Insurers, prosecutors, and lawmakers from both parties argued that loose Minnesota laws encourage insurance scammers as the coalition made a case for 11 legislative measures they say will crack down on costly fraud. The proposals headed to the legislature for consideration in the upcoming session represent a rare area of partisan consensus around the Minnesota no-fault insurance laws. They were honed through a working group that drew in factions from the medical, insurance, and trial lawyer communities.
“It is not a victimless crime. Virtually everyone in the state of Minnesota pays the price for insurance fraud,” said Mark Kulda of the Insurance Federation of Minnesota, who appeared at a news conference to announce the anti-fraud package.
The bills would close perceived loopholes in claims processing, information sharing, investigations, and fraud prosecutions. While the type of fraud varies, some of it involves people using minor car accidents to gain access to prescription medication they later resell. In other cases, unscrupulous contractors prey on storm victims with home-insurance claims for work never performed.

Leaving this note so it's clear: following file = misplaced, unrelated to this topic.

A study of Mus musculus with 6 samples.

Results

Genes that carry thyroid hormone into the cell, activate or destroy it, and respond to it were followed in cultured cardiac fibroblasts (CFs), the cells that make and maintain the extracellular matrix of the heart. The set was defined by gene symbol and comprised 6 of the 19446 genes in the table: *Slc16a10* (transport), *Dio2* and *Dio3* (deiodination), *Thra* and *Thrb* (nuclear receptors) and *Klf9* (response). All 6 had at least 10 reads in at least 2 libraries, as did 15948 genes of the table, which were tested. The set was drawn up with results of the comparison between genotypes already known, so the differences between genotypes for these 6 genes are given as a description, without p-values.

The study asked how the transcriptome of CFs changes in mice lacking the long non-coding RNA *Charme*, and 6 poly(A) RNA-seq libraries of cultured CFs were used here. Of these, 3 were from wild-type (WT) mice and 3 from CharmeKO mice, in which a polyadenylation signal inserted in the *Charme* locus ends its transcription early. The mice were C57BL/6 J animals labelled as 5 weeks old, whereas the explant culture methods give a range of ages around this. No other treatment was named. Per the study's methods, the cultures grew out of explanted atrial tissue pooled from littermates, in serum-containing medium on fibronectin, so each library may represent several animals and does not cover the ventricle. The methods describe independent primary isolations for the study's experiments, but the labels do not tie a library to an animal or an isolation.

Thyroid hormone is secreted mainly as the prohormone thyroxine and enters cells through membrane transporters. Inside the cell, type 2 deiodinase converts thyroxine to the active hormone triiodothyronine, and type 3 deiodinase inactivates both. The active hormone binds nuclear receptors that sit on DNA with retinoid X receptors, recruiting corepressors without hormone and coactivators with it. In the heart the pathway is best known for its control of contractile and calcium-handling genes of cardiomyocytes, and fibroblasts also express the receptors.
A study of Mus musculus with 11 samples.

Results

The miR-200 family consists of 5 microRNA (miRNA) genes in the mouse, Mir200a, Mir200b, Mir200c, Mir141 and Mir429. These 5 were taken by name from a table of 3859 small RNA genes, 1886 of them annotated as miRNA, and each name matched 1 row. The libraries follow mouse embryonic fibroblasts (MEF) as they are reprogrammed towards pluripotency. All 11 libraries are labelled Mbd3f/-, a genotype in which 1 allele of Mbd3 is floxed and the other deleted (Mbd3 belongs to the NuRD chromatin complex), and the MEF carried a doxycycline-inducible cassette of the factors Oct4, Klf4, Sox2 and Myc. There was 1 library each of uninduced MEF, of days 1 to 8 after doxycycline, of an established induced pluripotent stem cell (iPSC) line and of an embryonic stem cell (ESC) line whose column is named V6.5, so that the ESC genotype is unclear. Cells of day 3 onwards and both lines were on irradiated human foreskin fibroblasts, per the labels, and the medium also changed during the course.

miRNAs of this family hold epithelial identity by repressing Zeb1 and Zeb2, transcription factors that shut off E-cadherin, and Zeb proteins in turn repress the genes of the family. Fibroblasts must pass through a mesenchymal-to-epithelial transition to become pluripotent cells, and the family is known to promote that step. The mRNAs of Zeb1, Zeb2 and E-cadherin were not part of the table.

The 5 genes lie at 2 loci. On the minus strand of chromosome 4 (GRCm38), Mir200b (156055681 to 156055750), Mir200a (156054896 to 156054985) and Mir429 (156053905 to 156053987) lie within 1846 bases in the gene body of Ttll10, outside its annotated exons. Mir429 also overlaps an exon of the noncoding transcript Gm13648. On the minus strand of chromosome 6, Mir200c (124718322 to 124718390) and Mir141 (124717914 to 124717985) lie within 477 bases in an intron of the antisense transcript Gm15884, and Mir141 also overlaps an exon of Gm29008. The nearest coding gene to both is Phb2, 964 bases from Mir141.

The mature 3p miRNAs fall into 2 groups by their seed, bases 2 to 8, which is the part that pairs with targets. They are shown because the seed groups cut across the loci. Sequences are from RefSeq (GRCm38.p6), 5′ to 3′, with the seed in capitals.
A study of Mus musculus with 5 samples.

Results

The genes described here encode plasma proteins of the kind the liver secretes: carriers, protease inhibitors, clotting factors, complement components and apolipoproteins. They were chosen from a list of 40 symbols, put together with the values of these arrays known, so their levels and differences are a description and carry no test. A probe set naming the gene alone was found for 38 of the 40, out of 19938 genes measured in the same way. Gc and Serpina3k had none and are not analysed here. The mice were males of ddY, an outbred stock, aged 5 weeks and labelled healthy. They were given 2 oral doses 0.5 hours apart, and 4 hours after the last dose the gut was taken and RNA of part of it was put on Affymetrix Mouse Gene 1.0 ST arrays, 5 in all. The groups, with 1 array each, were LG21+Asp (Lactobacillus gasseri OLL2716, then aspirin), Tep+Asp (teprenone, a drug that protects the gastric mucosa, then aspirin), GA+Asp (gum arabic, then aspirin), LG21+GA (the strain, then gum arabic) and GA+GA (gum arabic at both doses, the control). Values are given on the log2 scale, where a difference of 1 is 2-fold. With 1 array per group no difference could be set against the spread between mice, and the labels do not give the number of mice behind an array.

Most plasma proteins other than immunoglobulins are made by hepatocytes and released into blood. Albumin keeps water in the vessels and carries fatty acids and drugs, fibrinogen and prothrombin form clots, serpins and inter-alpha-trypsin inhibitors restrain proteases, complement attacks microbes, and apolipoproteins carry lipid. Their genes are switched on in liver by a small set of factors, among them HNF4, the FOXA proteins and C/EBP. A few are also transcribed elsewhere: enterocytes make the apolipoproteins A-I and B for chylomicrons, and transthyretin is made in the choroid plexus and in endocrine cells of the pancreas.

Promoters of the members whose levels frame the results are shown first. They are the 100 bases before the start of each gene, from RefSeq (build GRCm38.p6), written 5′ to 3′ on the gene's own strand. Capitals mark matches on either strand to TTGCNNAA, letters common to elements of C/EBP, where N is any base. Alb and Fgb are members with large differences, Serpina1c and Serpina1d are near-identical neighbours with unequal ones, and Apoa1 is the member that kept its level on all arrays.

Among the proposed steps:
—Allow the Minnesota commerce commissioner to impose civil penalties for acts of fraud, which is seen as easier than obtaining criminal convictions.
—Limit access to auto accident records that can be used by schemers to solicit victims unknowingly used to perpetrate fraud.
—Give insurance companies liability protection when they exchange claims data with law enforcement that can be analyzed to spot fraud rings.
As states including New York and Florida stiffen their insurance laws, advocates of the new measures say people who engage in fraud are looking for weak spots.
Tim Lynch, government relations director at the industry-backed National Insurance Crime Bureau, said fraud schemes have migrated to Minnesota.